4 min read

Just before Thanksgiving, Alan Leveritt’s byline appeared in The Times, and we don’t mean the Arkansas Times, which the Little Rock publisher founded 47 years ago.

This was The New York Times.

Days later, Leveritt was on CNN with Christiane Amanpour, who showed clips from a new documentary movie, “Boycott,” in which Leveritt stars. It opened Nov. 14 at the Doc NYC festival in New York, featuring three plaintiffs who challenged state ultimatums to either sign a pledge agreeing not to boycott Israel or pay a price in state contracts.

The film’s director, Julia Bacha, joined Leveritt on the Amanpour program.

The film and Leveritt’s recent publicity push spotlight 33 state laws that have sprouted nationwide over the past few years. The Legislature approved the Arkansas law in 2017, but the idea originated in response to Palestinian calls starting in 2005 for “boycotts, divestment and sanctions” against Israel for its policies. BDS, as the effort came to be called, gained traction, spurring Israel and like-minded lobbyists to devise ways to quash it. In the United States, anti-BDS bills became a top weapon.

Leveritt told Arkansas Business last week that his media blitz intended to “draw attention to the boycott laws,” which had previously been almost invisible. “Most people are unaware, and I counted myself among that number previous to all this.”

In 2018, the Arkansas Times got a request from the University of Arkansas Pulaski Technical College, Leveritt wrote in his op-ed, headlined “We’re a Small Arkansas Newspaper. Why Is the State Making Us Sign a Pledge About Israel?” The college included a form for Leveritt to sign, agreeing “not to engage in a boycott” of Israel while the contract was in force. Leveritt declined.

“Our paper focuses on the virtues of Sims Bar-B-Que down on Broadway,” he wrote, “Why would we be required to sign a pledge regarding a country in the Middle East?”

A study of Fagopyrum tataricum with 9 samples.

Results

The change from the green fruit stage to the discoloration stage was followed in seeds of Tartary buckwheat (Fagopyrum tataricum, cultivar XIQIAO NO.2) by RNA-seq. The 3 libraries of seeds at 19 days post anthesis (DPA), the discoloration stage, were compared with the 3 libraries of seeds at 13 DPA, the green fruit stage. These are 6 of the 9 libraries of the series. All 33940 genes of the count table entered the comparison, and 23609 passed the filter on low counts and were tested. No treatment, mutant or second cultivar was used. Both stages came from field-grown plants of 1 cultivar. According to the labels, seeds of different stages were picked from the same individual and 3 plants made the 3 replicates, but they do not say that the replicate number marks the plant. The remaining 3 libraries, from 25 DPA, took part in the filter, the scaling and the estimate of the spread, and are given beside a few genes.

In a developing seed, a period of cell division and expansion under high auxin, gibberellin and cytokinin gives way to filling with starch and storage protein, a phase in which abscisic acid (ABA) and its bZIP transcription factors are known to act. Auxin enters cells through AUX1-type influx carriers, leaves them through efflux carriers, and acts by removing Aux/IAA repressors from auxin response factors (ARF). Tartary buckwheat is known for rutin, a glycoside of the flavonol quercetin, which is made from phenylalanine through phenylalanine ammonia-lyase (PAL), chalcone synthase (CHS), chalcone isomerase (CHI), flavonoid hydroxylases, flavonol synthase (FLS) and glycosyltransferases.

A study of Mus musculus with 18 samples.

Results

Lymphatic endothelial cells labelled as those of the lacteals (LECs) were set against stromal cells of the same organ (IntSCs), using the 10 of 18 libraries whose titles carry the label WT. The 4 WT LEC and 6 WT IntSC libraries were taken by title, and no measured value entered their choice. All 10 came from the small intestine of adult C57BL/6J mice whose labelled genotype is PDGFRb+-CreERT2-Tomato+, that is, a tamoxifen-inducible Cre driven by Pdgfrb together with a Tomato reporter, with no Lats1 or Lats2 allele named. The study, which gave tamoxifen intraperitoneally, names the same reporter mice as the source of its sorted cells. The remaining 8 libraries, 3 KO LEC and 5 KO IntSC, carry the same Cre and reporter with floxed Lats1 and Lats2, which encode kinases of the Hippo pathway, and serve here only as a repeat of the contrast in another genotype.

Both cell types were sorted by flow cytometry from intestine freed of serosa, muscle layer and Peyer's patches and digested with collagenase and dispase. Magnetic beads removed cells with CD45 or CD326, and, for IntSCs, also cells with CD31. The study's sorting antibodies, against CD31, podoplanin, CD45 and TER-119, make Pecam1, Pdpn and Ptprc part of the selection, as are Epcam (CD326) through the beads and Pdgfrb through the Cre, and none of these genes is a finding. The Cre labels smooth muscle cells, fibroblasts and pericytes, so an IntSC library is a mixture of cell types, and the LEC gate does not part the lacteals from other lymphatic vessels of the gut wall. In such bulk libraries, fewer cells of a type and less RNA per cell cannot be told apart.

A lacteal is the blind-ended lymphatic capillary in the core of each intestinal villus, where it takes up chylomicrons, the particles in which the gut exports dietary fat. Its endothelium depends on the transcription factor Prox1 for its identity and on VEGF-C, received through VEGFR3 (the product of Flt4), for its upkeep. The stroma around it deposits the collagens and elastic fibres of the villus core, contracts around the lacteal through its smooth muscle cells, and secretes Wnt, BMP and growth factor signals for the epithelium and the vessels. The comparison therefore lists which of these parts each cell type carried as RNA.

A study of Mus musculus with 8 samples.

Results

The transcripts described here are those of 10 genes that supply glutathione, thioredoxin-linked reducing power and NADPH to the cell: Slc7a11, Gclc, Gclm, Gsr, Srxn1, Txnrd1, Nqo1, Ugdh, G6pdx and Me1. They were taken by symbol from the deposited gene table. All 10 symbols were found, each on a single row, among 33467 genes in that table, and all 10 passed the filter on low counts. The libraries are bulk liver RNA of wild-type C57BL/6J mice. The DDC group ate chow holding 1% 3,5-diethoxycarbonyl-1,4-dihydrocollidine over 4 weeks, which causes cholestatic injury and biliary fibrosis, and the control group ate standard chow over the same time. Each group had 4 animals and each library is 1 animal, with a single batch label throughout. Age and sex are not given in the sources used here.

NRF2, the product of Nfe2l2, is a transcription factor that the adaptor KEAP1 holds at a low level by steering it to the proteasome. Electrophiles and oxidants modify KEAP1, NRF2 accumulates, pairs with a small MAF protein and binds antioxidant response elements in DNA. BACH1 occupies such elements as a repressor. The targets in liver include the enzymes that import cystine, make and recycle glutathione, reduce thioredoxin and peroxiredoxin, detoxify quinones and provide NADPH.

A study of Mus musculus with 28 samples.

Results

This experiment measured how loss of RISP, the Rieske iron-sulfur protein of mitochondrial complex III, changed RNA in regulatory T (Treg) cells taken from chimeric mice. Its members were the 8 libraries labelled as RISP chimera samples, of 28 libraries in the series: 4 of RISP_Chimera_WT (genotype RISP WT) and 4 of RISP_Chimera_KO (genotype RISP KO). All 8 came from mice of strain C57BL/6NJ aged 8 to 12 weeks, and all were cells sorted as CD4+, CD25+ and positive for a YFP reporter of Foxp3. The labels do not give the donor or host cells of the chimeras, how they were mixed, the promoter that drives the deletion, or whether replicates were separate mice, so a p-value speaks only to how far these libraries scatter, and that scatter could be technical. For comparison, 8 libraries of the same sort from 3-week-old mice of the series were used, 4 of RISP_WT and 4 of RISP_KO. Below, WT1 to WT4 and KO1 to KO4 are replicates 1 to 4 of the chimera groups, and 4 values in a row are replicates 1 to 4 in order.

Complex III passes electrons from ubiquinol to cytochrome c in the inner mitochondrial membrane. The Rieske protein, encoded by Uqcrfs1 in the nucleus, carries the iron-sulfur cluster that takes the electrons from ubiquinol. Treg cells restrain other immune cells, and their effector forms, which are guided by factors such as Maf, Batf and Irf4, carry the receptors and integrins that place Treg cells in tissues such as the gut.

The anti-boycott laws are promoted in American legislatures by Christians who view supporting the Jewish state as essential to creating the necessary conditions for the Second Coming of Christ.

State Sen. Bart Hester, R-Cave Springs, sponsored the Arkansas law and is featured in “Boycott” saying that all of the state’s senators are Christian, and about half are evangelical. He also said that his evangelical beliefs drive almost every decision he makes as a lawmaker.

Leveritt and the other plaintiffs hold that boycotts are a form of protected political speech, a position supported by the American Civil Liberties Union. In early 2019, however, U.S. District Judge Brian Miller dismissed the Arkansas Times’ challenge to the 2017 law.

A three-judge panel of the federal 8th Circuit Court of Appeals reversed that decision in February, favoring Leveritt, but the pendulum swung again this fall when the full Circuit Court agreed to hear Arkansas’ appeal. Arguments were made and a decision could come any day.

Most Arkansas publications that do business with the state, including Arkansas Business and the Arkansas Democrat-Gazette, accepted the anti-boycott language as a simple business decision. Boycotting a faraway country is not something that would even cross most local publishers’ minds, Leveritt agrees.

But as a businessman and journalist, he hated having to sign on to a political position in order to do business with the state on a level playing field. He and the ACLU also hold that boycotts are protected political speech under the First Amendment. The opposing legal view, the one that Judge Miller cited in ruling against Leveritt, is that boycotts are actions, not speech.

For now, Leveritt is relying on the court of public opinion. “We’ve gotten a lot of coverage on CNN, The Intercept, etc., but I don’t know that it is having any effect,” he told Arkansas Business. “The documentary people are doing a screening in Washington for congressmen and policy wonks in February, and they have asked me to speak after the showing.”

But he predicts nothing will change in Arkansas “unless the courts do it.”

The Arkansas Times has been running some state advertising, accepting 20% less than full price as the penalty for refusing to sign the pledge. Leveritt put it this way: “It’s an abridgment of the First Amendment to take away 20% of our advertising because we won’t play ball.”

Leveritt said he’s taken care not to mix personal feelings with his magazine’s position, which he called strictly based on the First Amendment. “As a company we are neutral on anything in the Middle East. It is irrelevant to our political mission, which is to be the blue voice in a red state and advocate for good local policies. And good barbecue.”